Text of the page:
Skylights featured on Astronomy Picture of the Day

1 , 2 , 3 , 4 , 5 , 6

Flocked clouds

Photo of the Week. Delicately flocked clouds lead us gently into evening.

Astronomy news for the week starting Friday, May 12, 2006.

Read A Minute with Jim Kaler, a brief interview on the outer bodies of the Solar System that appears on the U of I home page.

Skylights' "Picture of the Week" for February 24 was recently featured on the Earth Science Picture of the Day .

The Moon begins our week with glorious brightness in its full phase the night of Friday, May 12, after which it wanes through the gibbous to third quarter (reached a week after, the night of Friday the 19th). The night of the full Moon also sees our companion rising below bright Jupiter with Zubenelgenubi (Alpha Librae) in between, the star lost in moonlight. As the week progresses, the Moon takes on Antares (the luminary of Scorpius) the morning of Sunday the 14th, when it will appear to the west of the star. By the following morning, the Moon will have glided to the other side. In between it occults the red supergiant as seen from the South Pacific. On Friday the 19th, the Moon passes south of Neptune, the planet now in the far northeastern corner of Capricornus.

From the inside of the Solar System outward, we first find Mercury in superior conjunction with the Sun (when it is on the other side of the Sun) on Thursday the 18th. Next out, Venus is on wonderful display in the morning sky, rising just a bit after the onset of twilight and followable until bright dawn. Then back to evening with Mars. Plowing through central Gemini, the red planet descends the northwestern evening sky, but still not setting until half an hour after midnight Daylight Time. Next over in the west is Saturn in Cancer, which sets about an hour later. Finally, in early evening turn in the other direction, to the southeast, to admire bright Jupiter, which is with us nearly all night, does not cross the meridian to the south until 12:30 PM (as Mars sets), and does not itself set until bright dawn overtakes the skies.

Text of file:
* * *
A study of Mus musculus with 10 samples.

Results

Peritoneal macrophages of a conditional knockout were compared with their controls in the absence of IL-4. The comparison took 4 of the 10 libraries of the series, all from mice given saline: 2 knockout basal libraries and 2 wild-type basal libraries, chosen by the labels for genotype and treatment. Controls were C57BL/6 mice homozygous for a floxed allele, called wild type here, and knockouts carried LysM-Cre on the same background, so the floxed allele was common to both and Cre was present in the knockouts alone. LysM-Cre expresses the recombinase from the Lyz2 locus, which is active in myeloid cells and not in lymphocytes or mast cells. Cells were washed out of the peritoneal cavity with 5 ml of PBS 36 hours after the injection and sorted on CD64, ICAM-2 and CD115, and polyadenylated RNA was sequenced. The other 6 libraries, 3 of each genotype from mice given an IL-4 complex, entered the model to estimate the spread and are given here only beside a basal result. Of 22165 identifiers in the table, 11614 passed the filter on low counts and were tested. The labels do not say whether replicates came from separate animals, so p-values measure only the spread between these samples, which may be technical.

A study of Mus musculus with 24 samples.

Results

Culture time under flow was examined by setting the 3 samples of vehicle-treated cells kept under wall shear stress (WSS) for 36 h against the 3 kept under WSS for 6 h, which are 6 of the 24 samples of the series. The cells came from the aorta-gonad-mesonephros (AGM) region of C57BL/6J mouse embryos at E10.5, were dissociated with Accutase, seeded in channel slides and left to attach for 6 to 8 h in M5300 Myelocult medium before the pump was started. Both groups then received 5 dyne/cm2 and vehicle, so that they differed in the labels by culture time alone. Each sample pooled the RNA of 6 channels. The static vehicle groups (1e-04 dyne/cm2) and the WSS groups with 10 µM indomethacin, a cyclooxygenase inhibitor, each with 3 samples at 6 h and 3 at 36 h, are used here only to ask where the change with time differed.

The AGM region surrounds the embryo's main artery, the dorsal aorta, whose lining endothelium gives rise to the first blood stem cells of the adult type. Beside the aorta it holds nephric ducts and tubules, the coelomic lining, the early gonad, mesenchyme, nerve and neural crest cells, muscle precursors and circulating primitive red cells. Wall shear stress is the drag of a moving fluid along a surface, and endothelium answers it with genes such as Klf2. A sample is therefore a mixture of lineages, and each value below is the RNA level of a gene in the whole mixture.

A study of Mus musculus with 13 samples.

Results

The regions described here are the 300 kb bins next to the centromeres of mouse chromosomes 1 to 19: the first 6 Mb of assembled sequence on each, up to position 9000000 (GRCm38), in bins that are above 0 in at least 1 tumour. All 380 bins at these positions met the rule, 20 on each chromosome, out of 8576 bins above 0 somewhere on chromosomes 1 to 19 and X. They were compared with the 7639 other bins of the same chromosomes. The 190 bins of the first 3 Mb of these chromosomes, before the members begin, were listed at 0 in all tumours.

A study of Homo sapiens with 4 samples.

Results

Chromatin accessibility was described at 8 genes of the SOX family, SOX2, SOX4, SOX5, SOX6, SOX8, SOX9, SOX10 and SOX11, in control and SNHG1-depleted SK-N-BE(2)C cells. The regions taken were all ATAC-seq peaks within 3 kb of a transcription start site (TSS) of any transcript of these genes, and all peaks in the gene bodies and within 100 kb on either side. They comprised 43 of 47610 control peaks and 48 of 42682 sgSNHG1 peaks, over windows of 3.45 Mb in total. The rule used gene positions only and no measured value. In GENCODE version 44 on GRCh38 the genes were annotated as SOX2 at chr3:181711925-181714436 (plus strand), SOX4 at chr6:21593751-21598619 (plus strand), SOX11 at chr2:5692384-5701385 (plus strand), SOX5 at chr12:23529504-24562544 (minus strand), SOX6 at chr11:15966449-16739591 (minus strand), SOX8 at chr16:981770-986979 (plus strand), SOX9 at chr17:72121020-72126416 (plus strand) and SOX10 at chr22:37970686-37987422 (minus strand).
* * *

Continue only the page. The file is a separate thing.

Under-appreciated among northerners, giant Centaurus, the Centaur, skims the southern horizon south of Virgo's Spica, only his northern stars visible for anyone much north of the tropics. And too bad, as the constellation contains the closest star system to the Earth, triple Alpha Centauri, whose two brightest members conspire to produce the third visually brightest star of the sky and whose dim telescopic companion Proxima is actually the nearest of all neighbors (only 4.22 light years away). To the east is bright Lupus, the Wolf, to the southwest Crux, the famed Southern Cross.